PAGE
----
Which of your recent books or articles should I read?
It would have to be the most recent one: Writing for a Mind at Work: Appellate Advocacy and the Science of Reading, 54 Duq. L. Rev. 415 (2016). This article analyzes the impact of digital platforms on how we read and how we think. I guess I would also recommend Hiding in Plain Sight: “Conspicuous Type” Standards in Mandated Communication Statutes, 40 J. LEGIS. 1 (2014). That article talks about how legislatures mandate certain language, and even certain typefaces, in some legal documents like contracts and court orders. Unfortunately, they seem to be enacting these laws without a good understanding of how human beings actually read and use documents. It’s important to understand this behavior if you are a reader or a writer, or if you legislate or write opinions about reading and writing. For example, some court opinions that apply the “least sophisticated debtor” standard seem to assume a very sophisticated reader. We know how to write and design documents for maximum comprehension – documents from the Consumer Financial Protection Bureau are a great example – and courts and legislatures need to hold writers to a higher standard rather than to impose higher burdens on readers.
How does your research and scholarship influence your teaching and service and vice versa?
My teaching and scholarship really feed into each other. In my early years of teaching, I wrote a lot about teaching methods, because legal writing was undergoing a sea change. When I started teaching (in 1983), I taught mostly about using plain language and active voice, and not very much about research or analytical structure. Now things are almost reversed. And as I observed my own behavior as a reader, reading hundreds of pages each semester, I recognized some connections between reading and law. For example, I teach my students to exploit the “natural positions of emphasis” at the beginnings and endings of documents, sections, and paragraphs. Science shows that readers subconsciously pay more attention to items at the beginning of a unit of discourse (primacy effect) and at the end (recency effect). Any politician will tell you about the impact of primacy effect on voting, and I ended up writing an article about how ballot design needs to take into account what are essentially “reader” behaviors. Likewise, I recognized that there are certain ways in which I skipped around in documents when I was researching, and that behavior was different than the way I behaved when I was reading for pleasure or when I was grading papers. Talking to students about their own behavior as readers helps them understand why they have to structure their documents in certain ways; it’s a shock to some students that their readers are inattentive and impatient; they sometimes expect their readers to be “super-readers” instead of being as human as the students are. And again, this behavioral perspective led not only to my article on ballot design, but also to the conspicuous type article. Likewise, I noticed that I behave differently with hard-copy documents than I do with digital documents. That realization led me to read scientific articles about digital documents and cognitive function. And in turn, I now share that knowledge with my students when I talk to them about how they should read, and how they should write for others.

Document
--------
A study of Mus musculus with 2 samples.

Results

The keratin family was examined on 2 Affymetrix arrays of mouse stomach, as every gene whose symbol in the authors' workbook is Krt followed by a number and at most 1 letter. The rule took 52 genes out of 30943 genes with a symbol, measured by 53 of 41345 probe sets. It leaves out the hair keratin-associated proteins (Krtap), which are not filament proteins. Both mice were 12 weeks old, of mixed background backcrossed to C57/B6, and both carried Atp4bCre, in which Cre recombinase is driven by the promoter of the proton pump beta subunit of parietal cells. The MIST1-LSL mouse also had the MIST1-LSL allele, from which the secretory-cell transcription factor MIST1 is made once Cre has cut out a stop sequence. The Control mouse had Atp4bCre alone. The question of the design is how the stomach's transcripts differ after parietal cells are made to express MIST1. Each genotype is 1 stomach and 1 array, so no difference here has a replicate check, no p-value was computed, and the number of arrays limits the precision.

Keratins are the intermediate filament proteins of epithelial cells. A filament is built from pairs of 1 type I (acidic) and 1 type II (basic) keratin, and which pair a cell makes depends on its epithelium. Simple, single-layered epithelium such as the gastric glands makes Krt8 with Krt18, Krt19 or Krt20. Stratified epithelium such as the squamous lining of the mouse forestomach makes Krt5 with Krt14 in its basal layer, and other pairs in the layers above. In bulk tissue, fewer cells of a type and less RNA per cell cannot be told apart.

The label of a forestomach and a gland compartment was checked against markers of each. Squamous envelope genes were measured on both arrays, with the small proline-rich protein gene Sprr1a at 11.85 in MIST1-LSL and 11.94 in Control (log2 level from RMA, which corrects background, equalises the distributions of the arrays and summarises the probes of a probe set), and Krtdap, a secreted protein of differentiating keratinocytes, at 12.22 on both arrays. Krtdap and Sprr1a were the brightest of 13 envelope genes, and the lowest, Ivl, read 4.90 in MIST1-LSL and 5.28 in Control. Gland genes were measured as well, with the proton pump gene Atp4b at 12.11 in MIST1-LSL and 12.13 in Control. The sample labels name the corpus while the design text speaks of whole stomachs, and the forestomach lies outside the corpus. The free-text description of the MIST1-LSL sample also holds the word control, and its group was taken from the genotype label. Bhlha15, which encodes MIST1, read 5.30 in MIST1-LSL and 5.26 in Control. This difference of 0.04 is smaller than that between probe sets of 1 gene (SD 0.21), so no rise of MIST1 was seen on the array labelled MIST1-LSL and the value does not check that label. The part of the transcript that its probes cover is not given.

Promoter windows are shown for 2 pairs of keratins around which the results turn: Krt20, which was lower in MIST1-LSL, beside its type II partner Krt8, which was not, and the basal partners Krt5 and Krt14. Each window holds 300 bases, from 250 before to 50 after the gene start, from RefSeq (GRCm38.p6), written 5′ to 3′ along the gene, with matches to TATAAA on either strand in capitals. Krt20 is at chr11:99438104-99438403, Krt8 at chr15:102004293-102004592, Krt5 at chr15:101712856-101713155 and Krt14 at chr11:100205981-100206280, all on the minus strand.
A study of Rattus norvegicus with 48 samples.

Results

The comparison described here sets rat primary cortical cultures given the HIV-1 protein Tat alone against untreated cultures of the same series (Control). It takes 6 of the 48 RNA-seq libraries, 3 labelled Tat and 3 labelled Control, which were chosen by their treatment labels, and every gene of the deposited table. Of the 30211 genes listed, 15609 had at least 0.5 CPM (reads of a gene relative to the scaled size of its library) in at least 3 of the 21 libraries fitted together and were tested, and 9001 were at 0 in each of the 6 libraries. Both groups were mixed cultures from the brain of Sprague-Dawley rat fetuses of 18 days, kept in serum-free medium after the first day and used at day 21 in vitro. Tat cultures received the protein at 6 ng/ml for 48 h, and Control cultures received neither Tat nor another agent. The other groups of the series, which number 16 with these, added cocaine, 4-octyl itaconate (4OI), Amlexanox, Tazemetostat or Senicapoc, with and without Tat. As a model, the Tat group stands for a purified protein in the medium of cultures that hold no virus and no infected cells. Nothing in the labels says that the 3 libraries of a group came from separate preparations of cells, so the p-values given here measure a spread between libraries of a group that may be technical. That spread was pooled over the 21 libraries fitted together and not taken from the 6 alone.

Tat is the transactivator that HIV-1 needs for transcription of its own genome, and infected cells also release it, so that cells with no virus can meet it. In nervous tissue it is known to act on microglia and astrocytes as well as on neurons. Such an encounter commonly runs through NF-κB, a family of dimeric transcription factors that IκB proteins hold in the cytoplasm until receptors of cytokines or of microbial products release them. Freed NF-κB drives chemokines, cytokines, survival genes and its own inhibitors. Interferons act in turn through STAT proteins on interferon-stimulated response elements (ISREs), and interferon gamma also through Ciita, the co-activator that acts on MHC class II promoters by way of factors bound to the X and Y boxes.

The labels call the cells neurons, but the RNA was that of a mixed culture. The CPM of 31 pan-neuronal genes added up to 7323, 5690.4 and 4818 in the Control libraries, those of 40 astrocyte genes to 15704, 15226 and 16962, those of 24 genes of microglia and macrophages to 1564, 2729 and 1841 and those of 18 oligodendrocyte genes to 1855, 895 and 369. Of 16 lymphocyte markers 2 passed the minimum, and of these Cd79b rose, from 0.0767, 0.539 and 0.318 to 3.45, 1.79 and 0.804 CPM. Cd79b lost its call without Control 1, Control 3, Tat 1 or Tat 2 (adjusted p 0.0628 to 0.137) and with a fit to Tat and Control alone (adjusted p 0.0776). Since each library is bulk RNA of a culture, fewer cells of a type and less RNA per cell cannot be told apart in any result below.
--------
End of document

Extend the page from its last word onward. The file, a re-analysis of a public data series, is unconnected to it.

What is it about being a law school professor that inspires or motivates you?
Like many professors, I love the lightbulb moment – seeing my students understand a concept they had never understood before. I’m delighted that I’m teaching Fall 1Ls again, because I think there’s naturally a better chance for lightbulb moments with that group. And I just love the intricacies of legal writing. I enjoy introducing first-year students to the foundational concepts, and I enjoy teaching more sophisticated concepts to upper-level students. I look forward to meeting my new students – and reuniting with former students – every semester.